This is the moment: the car salesperson hands over the keys to your brand-new car, which is perfectly perched and wrapped in a bow.
It's certainly a snapshot worthy of an Instagram post, after all, it's your new "baby". And much like having a newborn, purchasing your first set of wheels is certainly a milestone worth celebrating.
Naturally, you might view your new symbol of independence as an extension of yourself and want to spruce it up, making it your own and boosting its performance! But, whether you just make a few barely visible enhancements or go full out and "pimp" your ride, you still have to adhere to car modification laws in South Africa.
So before you drop your suspension, park somewhere comfortable and read up to make sure you are on the right side of the law. Our first stop is finding out what exactly are considered car modifications according to the law.
According to Arrive Alive, it "can be described as bringing about changes to the original vehicle parameter standards with a view, largely of enhancing a vehicle’s performance in fuel consumption, load capacity, cosmetic trim, or top speed runs". Generally speaking, alterations wouldn’t necessarily affect the performance of the vehicle, whereas modifications would.
There are three main categories of trendy car modifications:
Aesthetic or visual makeovers
If those dramatic spray-painted flames on the sides of a car come to mind, you are on the right track. In addition to paint jobs and decorations, visual modifications can also include chrome rims, grilles and so-called "halo" headlights. For the most part, these changes only affect the way the car looks and not the way it performs or potentially endangers other road users. Because of this, these alterations are generally seen as harmless.
Image: Leigh-Ann Londt
Vehicle owners who are generally happy with their automobile’s performance, meaning they are not looking to increase the machine’s power, usually make functional enhancements for practical reasons.
For example, a farmer who has to navigate bumpy roads and rough terrain on their land might want to lift the suspension on their trusty bakkie to elevate the vehicle and avoid any damage to its bottom.
Car owners who want to give their vehicles a sportier look and feel might opt for bigger and wider tyres and drop the suspension slightly.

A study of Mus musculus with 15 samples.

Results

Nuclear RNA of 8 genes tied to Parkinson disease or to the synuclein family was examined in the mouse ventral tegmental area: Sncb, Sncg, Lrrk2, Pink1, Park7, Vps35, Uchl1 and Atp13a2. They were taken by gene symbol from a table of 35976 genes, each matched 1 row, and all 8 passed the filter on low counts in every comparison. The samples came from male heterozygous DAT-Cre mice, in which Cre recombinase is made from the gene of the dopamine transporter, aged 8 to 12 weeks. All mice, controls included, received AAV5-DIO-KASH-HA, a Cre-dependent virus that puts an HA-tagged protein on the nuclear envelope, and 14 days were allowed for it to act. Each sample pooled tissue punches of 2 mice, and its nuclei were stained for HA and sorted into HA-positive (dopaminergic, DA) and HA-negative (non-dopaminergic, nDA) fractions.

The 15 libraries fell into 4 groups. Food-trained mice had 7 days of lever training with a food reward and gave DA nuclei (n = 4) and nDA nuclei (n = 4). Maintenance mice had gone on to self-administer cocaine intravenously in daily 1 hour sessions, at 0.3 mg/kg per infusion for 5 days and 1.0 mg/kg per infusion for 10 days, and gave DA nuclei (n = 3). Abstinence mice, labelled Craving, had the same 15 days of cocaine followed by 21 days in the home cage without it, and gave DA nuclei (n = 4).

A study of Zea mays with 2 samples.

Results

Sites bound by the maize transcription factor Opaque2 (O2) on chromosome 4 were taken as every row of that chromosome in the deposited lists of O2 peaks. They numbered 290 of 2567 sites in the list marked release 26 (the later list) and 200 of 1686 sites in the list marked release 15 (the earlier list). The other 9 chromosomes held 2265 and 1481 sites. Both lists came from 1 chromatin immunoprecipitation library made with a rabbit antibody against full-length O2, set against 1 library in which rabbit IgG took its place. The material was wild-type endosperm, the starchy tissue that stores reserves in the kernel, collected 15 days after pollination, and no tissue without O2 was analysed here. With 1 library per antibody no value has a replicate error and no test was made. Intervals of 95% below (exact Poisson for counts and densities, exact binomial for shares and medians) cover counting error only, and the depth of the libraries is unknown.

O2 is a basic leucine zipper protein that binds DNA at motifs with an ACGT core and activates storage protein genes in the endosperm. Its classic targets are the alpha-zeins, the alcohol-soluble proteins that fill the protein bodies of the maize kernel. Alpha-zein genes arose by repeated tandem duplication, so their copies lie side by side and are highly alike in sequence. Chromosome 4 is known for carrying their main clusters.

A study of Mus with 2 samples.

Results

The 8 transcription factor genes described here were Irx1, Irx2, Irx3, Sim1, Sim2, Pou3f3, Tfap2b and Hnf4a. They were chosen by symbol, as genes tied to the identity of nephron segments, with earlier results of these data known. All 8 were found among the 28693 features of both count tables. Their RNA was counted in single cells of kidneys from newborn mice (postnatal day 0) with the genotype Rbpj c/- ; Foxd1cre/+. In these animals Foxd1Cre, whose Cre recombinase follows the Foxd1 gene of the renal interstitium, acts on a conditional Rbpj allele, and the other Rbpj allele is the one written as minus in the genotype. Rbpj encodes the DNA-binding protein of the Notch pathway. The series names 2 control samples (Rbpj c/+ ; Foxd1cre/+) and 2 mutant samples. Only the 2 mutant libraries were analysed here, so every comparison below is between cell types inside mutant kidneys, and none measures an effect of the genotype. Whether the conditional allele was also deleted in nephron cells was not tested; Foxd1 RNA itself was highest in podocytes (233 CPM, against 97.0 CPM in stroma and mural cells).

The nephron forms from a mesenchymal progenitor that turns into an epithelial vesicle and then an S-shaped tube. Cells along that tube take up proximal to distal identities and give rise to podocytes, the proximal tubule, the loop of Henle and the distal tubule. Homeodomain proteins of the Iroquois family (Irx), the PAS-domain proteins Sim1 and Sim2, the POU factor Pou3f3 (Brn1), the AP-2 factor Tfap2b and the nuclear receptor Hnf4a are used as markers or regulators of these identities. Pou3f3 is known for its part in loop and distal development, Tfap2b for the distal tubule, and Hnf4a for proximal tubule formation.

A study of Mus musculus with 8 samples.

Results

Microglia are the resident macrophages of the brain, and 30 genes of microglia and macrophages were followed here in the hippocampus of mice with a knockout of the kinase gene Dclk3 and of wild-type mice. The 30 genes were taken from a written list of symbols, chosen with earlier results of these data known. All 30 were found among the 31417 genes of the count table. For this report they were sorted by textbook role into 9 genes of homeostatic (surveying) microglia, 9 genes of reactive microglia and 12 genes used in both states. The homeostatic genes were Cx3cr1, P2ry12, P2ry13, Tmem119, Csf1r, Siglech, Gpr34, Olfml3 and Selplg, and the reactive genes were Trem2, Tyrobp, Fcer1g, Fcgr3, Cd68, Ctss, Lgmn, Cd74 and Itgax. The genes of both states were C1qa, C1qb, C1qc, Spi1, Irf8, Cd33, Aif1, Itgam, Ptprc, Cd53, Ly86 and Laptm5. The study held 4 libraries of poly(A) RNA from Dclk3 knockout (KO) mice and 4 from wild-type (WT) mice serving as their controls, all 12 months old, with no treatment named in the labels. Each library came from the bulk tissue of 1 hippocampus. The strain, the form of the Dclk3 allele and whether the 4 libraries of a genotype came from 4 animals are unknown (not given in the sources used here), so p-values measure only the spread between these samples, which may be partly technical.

Performance modifications and enhancements
For those drivers who want to ramp up their vehicle’s engine power, speed and braking abilities. Various enhancements such as installing turbo chargers or making use of Nitrous Oxide can drastically alter how fast a car can go. The big problem is that these performance modifications are more than likely to be illegal since they threaten the safety of the driver and other road users.
How would you know which modifications are illegal? Adv. Jackie Nagtegaal, LAW FOR ALL’s Managing Director, said: "The National Road Traffic Act 93 of 1996 isn’t very specific about which modifications are indeed illegal or not. But, before you take your car in for an extreme makeover, you have to ask yourself it will still be roadworthy and if it might endanger other drivers."
Remember, if your vehicle ends up not being roadworthy, you will have to make the necessary changes and restore it so that it can legally be on the roads again and take it through a roadworthy test again- of course, this will also cost money.
Image: Leigh-Ann Londt
You can check your planned car enhancements against Arrive Alive’s list of modifications that are likely illegal:
Excessive speed enhancements (like Nitrous Oxide cylinders)
Lowering the suspension to the point where it affects the handling of the vehicle
Fitting larger wheels that might affect the steering and general control of the vehicle
DIY suspension changes that involve cutting springs or heating coils to lower the body of the vehicle
Installing a bigger engine than the vehicle can handle and might affect the handling, ability to stop and increase the wear and tear of tyres.
Custom number plates that include symbols (such as %, &, @ or $) or vulgar and harmful language
Installing a sound system that might cause an illegal noise nuisance, which is defined as any noise that "may disturb or impair the convenience or peace of any person".
But, because the actual Act is quite vague, many traffic authorities often take liberties in enforcing it and could interpret any modifications that alter the car’s appearance so much that it doesn’t resemble the actual model anymore as illegal.
"Bear in mind, if you make adjustments that affect the handling or the speed capabilities of your car, you could end up endangering your own life and potentially the lives of other road users.
"This could lead to fines, prison time, your vehicle being impounded or AARTO demerits - once implemented," adds Nagtegaal. Many car modifications are often implemented by those who participate in illegal drag racing in South Africa.
Image: Leigh-Ann Londt
Which modifications would be legal? In addition to most of the aesthetic, decorative and functional elements mentioned earlier, there are other valid enhancements.
Valid modifications are those that involve the fitment of manufacturer approved accessories that do not affect the warranty of vehicles. Basically, they would have a positive impact on the fuel economy, function and safety of the vehicle.
Better and improved tyres that will increase the safety of the vehicle.
Enhanced lighting that will increase visibility on the roads at night.
Certain window tints that block out the sun or help prevent smash-and-grabs.
Computer re-mapping to boost engine performance You have reached your destination.
Our journey may have can to an end, but now it’s time for you to take your brand new car for a spin and think about how you are going to “pimp” your ride legally and responsibly.